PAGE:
Mountain Hut Escape

A summer retreat to a 10th Mountain Division Hut might be just what the doctor ordered.

Photography by Marc Bergreen

Photo by Marc Bergreen

Denver is a wondrous place to live, boasting accessible mountain peaks, countless adventure possibilities, and a vibrant Mile High City. The nightlife is buzzing, the natural, open spaces are plentiful, the job market is booming and the schools are high-ranking. What’s not to love? Still, it’s easy to get bogged down with everyday life; we might even get so busy that we forget about those magnificent peaks beckoning from above.

Having grown up in Colorado, I always knew which way was west—finding my way home didn’t require a GPS. Instead, I simply needed a fundamental understanding of the street grid and the occasional glance to search for snowy peaks in the distance. And when it all gets to be too much and a break is in order, sprinting towards those peaks to lose my bearings for a few days is exactly what I need.

As most would agree, the combination of nature and exercise might very well be the perfect recipe to wash away stress and supercharge physical and mental health, and we happen to have world-class resources right here in Colorado. After all, as John Muir knew, “Going to the mountains is going home.”


This summer, the perfect place for a retreat is at one of the 10th Mountain Division’s secluded yet luxurious mountain huts. Rustic, quaint, and smack-dab in the middle of the mountains, they are perfect for skiers, hikers, and those ready to escape the city for a weekend and return recharged.

But, whether you’re looking to immerse yourself in the high country wildflowers or have a totally snowfilled getaway, timing is crucial when planning your trip. During my mid-August venture, the wildflowers were blooming, the temperatures were perfect, and the hut was welcoming—the experience was exactly what I was looking for.

The Huts are a Must

Walter’s Cabin is one of 34 mountain huts and is part of the Shrine Mountain Inn, which consists of three privately owned cabins. The two-floor cabin exceeded our expectations with hot running water, an indoor shower, and a refrigerator, and it was amusing to see firsthand how things we consider our fundamentals become luxuries when secluded in a mountain hut.

Shrine Mountain Inn is one of the more easily accessible huts in the system and is accessed from Vail Pass. The trail from the hut leads to the top of Shrine Pass and epic views of the Gore Range. The option to hike or bike down into Vail is available as well, as long as you have a plan for hiking back up. If you’re looking for more adventure or to travel from hut to hut, there is a vast network (350 miles) of suggested trails, making the possibilities for exploration endless. The views are ethereal and your only regret will be your departure time coming much too soon.

Photo by Marc Bergreen

Rules and Etiquette:

How to Care for the Huts

Be as prepared as possible by familiarizing yourself with the rules and etiquette of hut care before you go. Be sure to watch the 10th Mountain official videos for more details.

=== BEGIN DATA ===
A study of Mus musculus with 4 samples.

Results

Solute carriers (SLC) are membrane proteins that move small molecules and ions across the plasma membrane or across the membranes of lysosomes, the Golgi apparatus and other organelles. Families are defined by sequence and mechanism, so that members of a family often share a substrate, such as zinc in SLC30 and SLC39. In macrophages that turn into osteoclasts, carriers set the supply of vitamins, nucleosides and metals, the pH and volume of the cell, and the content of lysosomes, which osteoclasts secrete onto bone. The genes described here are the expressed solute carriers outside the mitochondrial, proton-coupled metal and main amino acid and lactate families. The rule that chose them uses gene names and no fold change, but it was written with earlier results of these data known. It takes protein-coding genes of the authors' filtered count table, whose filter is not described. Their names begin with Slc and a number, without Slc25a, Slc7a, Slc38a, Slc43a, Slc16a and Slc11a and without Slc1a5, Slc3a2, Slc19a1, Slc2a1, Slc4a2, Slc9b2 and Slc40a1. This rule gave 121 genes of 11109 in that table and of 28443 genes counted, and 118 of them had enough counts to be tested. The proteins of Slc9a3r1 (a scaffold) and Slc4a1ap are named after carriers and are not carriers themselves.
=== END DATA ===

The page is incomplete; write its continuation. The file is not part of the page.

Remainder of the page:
• Fill out your waiver, park in designated areas, know your route, and stay safe on your approach. Stay hydrated and stay aware of things like altitude and blisters.
  • Once you arrive, take considerations to keep the hut clean during your stay, such as removing your shoes. Familiarize yourself with the details of the light, heat, and water situation for your hut before it gets dark/cold.
  • Beds and pillows are provided, but bring your own pillowcase and sleeping bag.
  • There are pots, pans, and dishes for your use. At the end of your stay, follow the dish washing and cleaning procedures. Don’t leave anything behind, inside or out.
  • Unless you book the whole hut, you will be sharing the hut with others; so remember to be considerate of other guests and leave things better than how you found them.

How To Choose The Best Hut For Your Family

Short hikes to consider: Continental Divide Cabin, Point Breeze Cabin, Broome Hut, 10th Mountain Division Hut
Drives to huts: Shrine Mountain Inn, Peter Estin Hut, Polar Star Inn
Huts with a fridge: Walter’s upper, Point Breeze Cabin, Chuck’s upper, Continental Divide Cabin Indoor toilets and composting: Walter’s upper and lower, Chuck’s upper and lower, Jay’s Cabin, Janet’s Cabin (compost), Broome (compost), Francie’s Cabin (compost)
Closest front range: Janet’s, Francie’s, Eiseman Hut, 10th Mountain Division, Uncle Bud’s Hut, Sangree M. Froelicher Hut
Easy to book: Roaring Fork Valley (Harry Gates Hut, Margy’s Hut, McNamara Hut, Benedict Huts, Betty Bear Hut)
Catering: If you’re looking for a hut with meals included, check out the Opus Hut in the San Juan Mountains. *Not part of the 10th Mountain Division
Sauna: Continental Divide, Francie’s, Janet’s, Polar Star, Chuck’s upper and lower, Jay’s, Walter’s upper and lower, Seipel Hut

Photo by Marc Bergreen

Tips for Booking Your Hut Trip

There are several ways you can book a hut. Remember, since the huts are very popular, reservations can be hard to secure. Consider a mid-week trip or seek out a less popular hut. Summer reservations begin in October of the previous year. Also, consider joining the 10th Mountain Association in order to participate in the early booking process for winter reservations. The lottery begins in March for the following winter season and call-in reservations start in April.

To book individual huts and yurts, visit; Colorado State Parks, visit; and Colorado Nordic Centers, visit If you need help, a group leader can check the availability for your desired hut if you prefer. He/she can also make your reservation via the online booking process or over the phone. Note: Payment is due at the time of the reservation and the group leader will also sign a waiver and release agreement.